A legacy post originally published on NOVEMBER 10, 2010 at 8:41 AM
🔗 On Sovereignty by Alexander Pruss
Suppose that I know that if I cause A, then either B or C will eventuate. Suppose that each of B and C furthers my plan, and neither of them furthers it better than the other. Then it does not seem that sovereignty would require me to know or decide prior to my decision to cause A which of B and C would eventuate. Sovereignty perhaps requires that nothing happens that is contrary to God’s plan, but it does not require that God’s plan should determine every detail.
Here is try at a notion of sovereignty built on this idea:
- x sovereignly executes plan P iff x successfully executes P and if we let Q be what x strongly and knowingly actualizes in executing P, and we let K be all that x knows explanatorily prior to x‘s decision to strongly actualize Q, and we let W be the set of all worlds at which both Q and K hold, then no world in W better fits the goals of P than any other.
In other words, x is sovereign in the execution of a plan provided that, given what x does and knows, he can’t be disappointed in respect of the quality of the plan’s execution.
One way to ensure sovereignty in the execution of a plan is to strongly and knowingly actualize every little detail. This is a Calvinist or maybe Thomistic way. Another way is to know exactly how the details would turn out. That’s a Molinist way. Another way is the “chessmaster way” (not my terminology or original idea; I think the view has been developed by W. Matthews Grant and Sarah Coakley): to choose a plan in such a way that no matter how things turn out, the goal wouldn’t be any the less well achieved by the lights of the plan. One can do this in two ways: setting one’s goal appropriately (so that whatever turns out, fits–that’s not how chessmasters do it) or choosing the plan very carefully or some combination of the first two disjuncts.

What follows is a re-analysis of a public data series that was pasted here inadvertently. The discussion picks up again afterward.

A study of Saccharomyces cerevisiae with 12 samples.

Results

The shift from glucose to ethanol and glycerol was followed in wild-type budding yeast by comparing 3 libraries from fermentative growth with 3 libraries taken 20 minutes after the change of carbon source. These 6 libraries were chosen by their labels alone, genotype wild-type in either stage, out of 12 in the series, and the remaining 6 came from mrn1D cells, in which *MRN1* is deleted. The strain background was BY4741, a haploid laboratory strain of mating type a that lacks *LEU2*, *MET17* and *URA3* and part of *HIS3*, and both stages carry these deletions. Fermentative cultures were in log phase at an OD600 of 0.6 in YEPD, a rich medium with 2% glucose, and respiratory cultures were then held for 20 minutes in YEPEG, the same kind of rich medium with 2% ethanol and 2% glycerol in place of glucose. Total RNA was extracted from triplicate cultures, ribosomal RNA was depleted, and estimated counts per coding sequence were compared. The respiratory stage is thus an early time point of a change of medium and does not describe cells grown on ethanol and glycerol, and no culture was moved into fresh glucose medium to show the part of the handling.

This doesn’t give us a definition of monadic sovereignty, and I think that is not necessarily a bad thing. It may be that the notion of sovereignty has its home as connected to particular plans. But if one wants a monadic notion, one might try for something like this:
- x is perfectly sovereign provided that it is an essential property of x that both x is perfectly free in his forming of plans and x is sovereign in the execution of all the plans that he forms.
But while it is plausible that God is sovereign in his actual plan of salvation, one might raise the van Inwagen question whether God couldn’t decide to execute a plan non-sovereignly if he so chose.